Moving to Caribbean Curacao or Bonaire

It’s not easy finding correct and accurate information about what needs to be done before you can move to Curacao. Sources may be unreliable or contradictory. Besides finding your way around the necessary paperwork and official legal obligations, other activities such as finding a house to live in, insurances and shipping your belongings can be strenuous for an outsider from Curacao.

About Curacao

Curacao is a Dutch island in the Caribbean that gained the status of an autonomous country (since October 10th, 2010) within the Kingdom of the Netherlands. With an average temperature of 27,8 C, lots of sunshine, and little rain, Curacao has a tropical climate. The population counts over 150,000 people from about 100 nationalities. Dutch, English and Papiamento are official languages, but also Spanish is commonly used. The BES-islands (Bonaire, Sint Eustatius, and Saba) obtained the status of so-called 'special municipalities' within the Kingdom of the Netherlands.

USA citizens have ‘easy access’ to Caribbean Curacao and Bonaire

You may not be familiar with the advantage, but as a US citizen, the execution of your plan for relocating to the Caribbean islands is easier than you might think.

Immigration implies handling specific document requirements, applying for permits, taking out insurances and making investments. Different conditions apply to citizens from various countries. But, thanks to the DAFT (Dutch-American Friendship Treaty, signed in 1956), since 2015, the same conditions for relocating to Curacao and the BES-islands applied to Dutch citizens, also apply to US citizens.

Because Curacao once belonged to The Netherlands and the BES-islands still are Dutch public bodies, Dutch, as well as American citizens, only require a statement of law and will be granted an indefinite permit. A citizen of any other country will receive a resident permit for half or one year only. For USA residents, even Canada is a more difficult country to apply for immigration.

As an American citizen, do I need a permit to work (and live) in Curacao or Bonaire?

Yes, everyone moving to Curacao or Bonaire needs a work and/or residence permit. But, also other permit applications may be applicable.

For Curacao as of September 1, 2016, some applications require digital submission. It is our experience that applying for appropriate permits is more complicated than generally perceived and in almost all cases proves to be problematic.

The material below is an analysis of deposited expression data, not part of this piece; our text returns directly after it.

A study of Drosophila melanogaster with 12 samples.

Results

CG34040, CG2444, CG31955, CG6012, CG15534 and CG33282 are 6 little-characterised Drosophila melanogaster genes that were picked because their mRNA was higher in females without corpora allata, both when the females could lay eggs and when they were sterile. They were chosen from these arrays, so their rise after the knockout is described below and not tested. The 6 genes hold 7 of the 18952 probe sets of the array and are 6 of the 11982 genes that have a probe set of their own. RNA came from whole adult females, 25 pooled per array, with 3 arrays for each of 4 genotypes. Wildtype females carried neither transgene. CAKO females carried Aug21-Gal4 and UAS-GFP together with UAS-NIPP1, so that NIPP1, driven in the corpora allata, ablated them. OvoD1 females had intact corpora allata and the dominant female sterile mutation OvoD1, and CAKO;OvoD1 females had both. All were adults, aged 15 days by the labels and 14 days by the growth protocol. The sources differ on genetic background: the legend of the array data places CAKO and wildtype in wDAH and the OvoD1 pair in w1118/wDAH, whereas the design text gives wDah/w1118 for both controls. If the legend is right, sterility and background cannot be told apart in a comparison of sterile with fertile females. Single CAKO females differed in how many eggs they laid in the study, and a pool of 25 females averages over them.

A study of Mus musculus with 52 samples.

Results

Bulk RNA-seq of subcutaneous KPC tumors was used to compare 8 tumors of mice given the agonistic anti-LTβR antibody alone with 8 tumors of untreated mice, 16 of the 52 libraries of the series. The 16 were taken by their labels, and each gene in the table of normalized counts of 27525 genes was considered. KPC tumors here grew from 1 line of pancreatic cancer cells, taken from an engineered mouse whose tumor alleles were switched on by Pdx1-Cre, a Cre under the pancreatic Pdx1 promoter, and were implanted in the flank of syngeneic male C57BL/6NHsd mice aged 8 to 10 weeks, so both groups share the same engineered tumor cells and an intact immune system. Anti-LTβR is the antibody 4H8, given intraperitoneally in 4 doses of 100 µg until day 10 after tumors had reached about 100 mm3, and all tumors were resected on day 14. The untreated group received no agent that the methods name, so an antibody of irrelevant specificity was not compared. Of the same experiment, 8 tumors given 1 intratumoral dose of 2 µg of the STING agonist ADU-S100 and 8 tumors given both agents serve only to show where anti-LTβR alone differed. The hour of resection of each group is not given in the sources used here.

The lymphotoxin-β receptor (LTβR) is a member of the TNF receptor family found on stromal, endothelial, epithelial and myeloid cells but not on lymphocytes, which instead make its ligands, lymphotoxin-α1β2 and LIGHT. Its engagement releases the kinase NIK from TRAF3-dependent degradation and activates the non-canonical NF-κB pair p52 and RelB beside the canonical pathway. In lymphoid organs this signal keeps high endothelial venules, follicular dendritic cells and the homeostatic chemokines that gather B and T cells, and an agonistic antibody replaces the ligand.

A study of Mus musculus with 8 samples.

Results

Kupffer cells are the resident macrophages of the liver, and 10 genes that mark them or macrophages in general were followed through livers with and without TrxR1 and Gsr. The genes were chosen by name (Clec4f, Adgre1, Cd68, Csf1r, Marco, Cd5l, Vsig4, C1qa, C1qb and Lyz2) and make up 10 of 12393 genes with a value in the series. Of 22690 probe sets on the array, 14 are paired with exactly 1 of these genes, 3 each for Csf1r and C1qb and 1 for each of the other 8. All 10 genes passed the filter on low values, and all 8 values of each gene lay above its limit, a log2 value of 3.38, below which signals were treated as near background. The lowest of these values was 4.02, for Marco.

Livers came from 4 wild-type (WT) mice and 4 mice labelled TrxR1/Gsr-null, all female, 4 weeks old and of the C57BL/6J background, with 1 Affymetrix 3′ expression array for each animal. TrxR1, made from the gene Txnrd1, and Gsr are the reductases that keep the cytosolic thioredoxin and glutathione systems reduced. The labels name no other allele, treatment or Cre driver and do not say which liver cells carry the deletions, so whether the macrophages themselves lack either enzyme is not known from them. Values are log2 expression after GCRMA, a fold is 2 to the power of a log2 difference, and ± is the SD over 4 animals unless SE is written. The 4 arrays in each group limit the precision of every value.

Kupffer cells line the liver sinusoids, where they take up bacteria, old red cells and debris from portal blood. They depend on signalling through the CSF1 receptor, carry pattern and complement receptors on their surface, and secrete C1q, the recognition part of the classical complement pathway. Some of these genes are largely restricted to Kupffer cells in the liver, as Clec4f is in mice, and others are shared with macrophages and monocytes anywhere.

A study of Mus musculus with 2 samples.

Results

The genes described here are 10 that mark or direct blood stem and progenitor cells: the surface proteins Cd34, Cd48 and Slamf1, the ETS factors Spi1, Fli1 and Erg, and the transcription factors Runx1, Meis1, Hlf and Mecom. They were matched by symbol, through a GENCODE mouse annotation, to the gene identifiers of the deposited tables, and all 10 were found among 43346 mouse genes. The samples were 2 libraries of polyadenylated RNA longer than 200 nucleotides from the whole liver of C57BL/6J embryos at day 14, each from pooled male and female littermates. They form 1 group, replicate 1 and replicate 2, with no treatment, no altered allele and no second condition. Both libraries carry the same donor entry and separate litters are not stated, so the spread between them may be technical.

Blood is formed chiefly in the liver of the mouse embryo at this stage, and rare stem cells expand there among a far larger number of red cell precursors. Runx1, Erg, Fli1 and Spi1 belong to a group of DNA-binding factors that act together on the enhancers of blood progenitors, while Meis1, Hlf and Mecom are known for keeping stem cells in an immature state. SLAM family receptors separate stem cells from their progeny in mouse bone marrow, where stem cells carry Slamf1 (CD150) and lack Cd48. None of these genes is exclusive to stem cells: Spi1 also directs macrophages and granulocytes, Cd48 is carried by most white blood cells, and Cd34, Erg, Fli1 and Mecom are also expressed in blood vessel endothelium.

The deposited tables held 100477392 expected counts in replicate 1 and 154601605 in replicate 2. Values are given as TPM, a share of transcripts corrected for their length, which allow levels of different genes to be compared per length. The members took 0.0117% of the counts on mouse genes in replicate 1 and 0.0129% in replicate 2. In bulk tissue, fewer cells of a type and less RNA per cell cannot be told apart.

'Na Kaminda' means ‘on the way’ in Papiamento - and that is exactly what we do!

We help you depart well prepared. Immigration demands a distinctive procedure; you need to follow the right steps, in the correct order. We are familiar with the regulations and the opportunities of the Caribbean. That is why you can consider ‘Na Kaminda' your immigration partner.

We offer full support service in the preparation, submission, process monitoring and finalizing your work and residence permit application. We also arrange the application for your ID-card, called ’sedula’, after you have been admitted to the register office.

Na Kaminda helps you avoid the following problems:

  • first, for your situation, we find out exactly which applications are necessary and which documents (digital or on paper) you require to provide
  • we pay your legal fees in advance. Only upon receipt of payment, Curacao authorities start processing your application
  • after the application has been transmitted, we will remain in close contact with Immigration Services and keep you posted on the development of the process
  • if and when your application is bound to be denied for whatever reason, we can negotiate on your behalf and assist you in the following procedure striving to refrain from paying double legal fees

In a personalized digital file, we will provide a precise list of documents required for the application. This list is tailor-made and may vary from person to person, depending on your background and plans.

We are constantly renewing and expanding our website where you can find lots of information about the Caribbean Islands in general, interesting links, and our immigration services, such as:

Do you have any questions or would you like to know what we can do for you?